SERVICE: A Memorial Service will be held at 1pm Wednesday, April 15 at Highland Park United Methodist Church in the Sanctuary. A private interment will take place prior to the Memorial service. In lieu of flowers, donations may be made to the Frontiers of Flight Museum, Dallas; the Sammons Center for the Arts, Dallas; or a charity of choice.
MEMORIALS: Dick was born November 27, 1920 in Dallas. He attended Bradfield Elementary, Highland Park High School and SMU. After listening to the radio broadcast of Charles Lindbergh’s Trans-Atlantic flight, he knew he wanted to fly. He cleaned and tended airplanes at Love Field to earn money for flying lessons. At age 13, he piled pillows on the pilot’s seat of a Fleet biplane and took off on his first solo flight. Over 75 years later, he was still flying.
After graduating from Highland Park HS in 1938, he and a friend headed to southern California to seek their fame and fortune. Dick had won an audition for a singing position with the Hyman Charninsky Orchestra (the radio orchestra for KRLD) and, he had traveled, briefly, with another orchestra. He had met and become friends with Phil Harris and Glenn Miller. He had written several songs during this time and had sold one, “Dream”, to Miller for $150. While Miller liked the melody, he did not care for the lyrics and had them rewritten. That “new” song became “Moonlight Serenade”. Although Dick’s music career was short-lived, he did do some stunt flying in several films, including “Captains of the Clouds”, starring James Cagney. But the Hollywood life was not to be and he returned to Dallas. There, in 1940, he met and married Ethel Gensur from Cleveland, OH.
As the winds of war were gathering, President Franklin D. Roosevelt recognized the US was woefully short of qualified pilots. He initiated the Civilian Pilot Training Program to alleviate that problem. Dick enrolled in a government sponsored flight refresher course at SMU in order to qualify as an instructor in that program. He was subsequently assigned to Cimarron Field, Yukon, OK. His first bunch of cadets were from England and those first graduates returned home to fight in the Battle of Britain. After WW II, he joined United Airlines as a co-pilot. Then, he went to National Airlines as the youngest commercial Captain in the US. When National’s pilots went on strike over wage demands, he returned to Dallas and went to work for his father, H.M. Cree, Sr. as a Manufacturers’ Representative for automotive parts, along with his brother, Bert. When their father died in 1957, Dick and Bert took over the business, growing the operation from two sales people to nine and changing the company name to Cree and Cree, Inc., with Dick serving as President. The company is still in operation today. During his nearly three decades with Cree and Cree, Inc., Dick was an active member of the Automotive Booster Club, serving in local, state and regional officer capacities.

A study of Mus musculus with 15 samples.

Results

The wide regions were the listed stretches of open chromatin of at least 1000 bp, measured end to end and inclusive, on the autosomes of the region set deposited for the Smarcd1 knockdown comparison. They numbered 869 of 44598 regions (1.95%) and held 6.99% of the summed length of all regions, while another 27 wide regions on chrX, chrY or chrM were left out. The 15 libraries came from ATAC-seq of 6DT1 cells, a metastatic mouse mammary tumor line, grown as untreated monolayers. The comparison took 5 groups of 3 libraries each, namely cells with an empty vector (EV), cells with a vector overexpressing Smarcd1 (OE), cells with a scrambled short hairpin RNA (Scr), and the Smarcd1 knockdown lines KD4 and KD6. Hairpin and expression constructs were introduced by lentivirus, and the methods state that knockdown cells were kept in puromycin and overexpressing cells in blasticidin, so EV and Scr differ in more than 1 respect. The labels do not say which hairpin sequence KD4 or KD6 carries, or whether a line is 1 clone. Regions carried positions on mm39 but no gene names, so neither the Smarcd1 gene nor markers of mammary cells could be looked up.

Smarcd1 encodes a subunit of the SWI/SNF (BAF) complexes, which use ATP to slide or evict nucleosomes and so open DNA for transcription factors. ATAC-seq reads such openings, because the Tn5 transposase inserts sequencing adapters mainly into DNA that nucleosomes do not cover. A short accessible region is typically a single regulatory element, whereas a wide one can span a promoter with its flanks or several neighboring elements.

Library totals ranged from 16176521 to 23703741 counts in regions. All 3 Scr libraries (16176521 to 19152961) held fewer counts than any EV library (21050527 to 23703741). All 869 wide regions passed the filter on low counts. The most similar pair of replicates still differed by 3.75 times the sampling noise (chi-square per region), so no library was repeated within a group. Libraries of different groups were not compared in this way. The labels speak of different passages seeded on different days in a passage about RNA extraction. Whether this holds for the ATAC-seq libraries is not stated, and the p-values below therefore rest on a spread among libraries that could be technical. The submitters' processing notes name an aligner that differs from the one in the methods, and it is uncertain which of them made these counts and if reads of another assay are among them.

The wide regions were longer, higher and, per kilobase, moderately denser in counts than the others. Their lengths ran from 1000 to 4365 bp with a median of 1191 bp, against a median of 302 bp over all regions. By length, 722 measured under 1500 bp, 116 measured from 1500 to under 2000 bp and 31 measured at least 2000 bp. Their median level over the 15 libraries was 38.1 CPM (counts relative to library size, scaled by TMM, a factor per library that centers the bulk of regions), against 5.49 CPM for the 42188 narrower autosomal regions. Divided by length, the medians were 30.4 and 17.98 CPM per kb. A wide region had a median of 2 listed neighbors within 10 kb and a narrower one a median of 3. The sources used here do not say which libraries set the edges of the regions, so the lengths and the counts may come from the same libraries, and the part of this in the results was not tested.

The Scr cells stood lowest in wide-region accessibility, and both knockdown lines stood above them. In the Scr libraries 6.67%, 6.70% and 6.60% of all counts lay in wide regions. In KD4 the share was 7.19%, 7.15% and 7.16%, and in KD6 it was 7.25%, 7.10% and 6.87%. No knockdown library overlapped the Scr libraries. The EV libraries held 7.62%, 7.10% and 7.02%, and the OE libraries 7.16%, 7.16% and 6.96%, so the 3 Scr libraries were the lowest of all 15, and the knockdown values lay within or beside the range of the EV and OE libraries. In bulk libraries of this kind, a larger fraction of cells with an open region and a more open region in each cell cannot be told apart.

During his time with Cree and Cree, Dick recognized the greater efficiency of traveling their extensive territory by airplane. So, he and Bert invested in a Piper Comanche 250. Eventually, he became owner of 5 Star Enterprises, a Cessna Aircraft dealership located at Addison Airport, which he operated for over 25 years.
After Ethel’s death from cancer, Dick was introduced to Mary Anne Williams, a single mother raising a family of five: four boys and a girl. A perfect match for Dick’s family of four boys and a girl. They were married January 12, 1968 and the family of eight (Dick’s two older sons were already on their own) took up residence in Greenway Parks. Thus began the union that has lasted more than 47 years. Together, they have raised two families, welcomed sons- and daughters-in-law into the fold, spoiled 20 grandkids and doted on four great-grandchildren. They have circled the globe on a SuperSonic Transport, flown a hot air balloon over the vineyards of France, spent time in Wyoming and Arizona, given their time and support to numerous charities and organizations --- and, enjoyed waking up every morning to each other’s smile.
Among his many honors and awards, Dick was recognized by the FAA with the Wright Bros. Master Pilot Award for 50 years of continuous flight. He was a member of the 25 Investors Club and a long-time member of Dallas Country Club.
He was preceded in death by his mother, Mabel Wilson Cree; his father, H. M. Cree, Sr.; his wife, Ethel Gensur Cree; his brother, H. M. Cree, Jr.; and his granddaughter, Katie Rose Williams.
SURVIVORS: In addition to his loving wife, Mary Anne and his many friends and business associates, Dick is survived by his children: Richard W. Cree, Jr. and wife Carole; David W. Cree and wife Trudi; Lee V. Williams; Stephanie Ann Cree; Charles A. Williams; C. Christopher Cree and wife Carla; Elaine Myers and husband David; Bruce W. Williams; Brian Paul Cree and wife Shelly; and Brian Eliot Williams and wife Kim; twenty grandchildren and four great-grandchildren.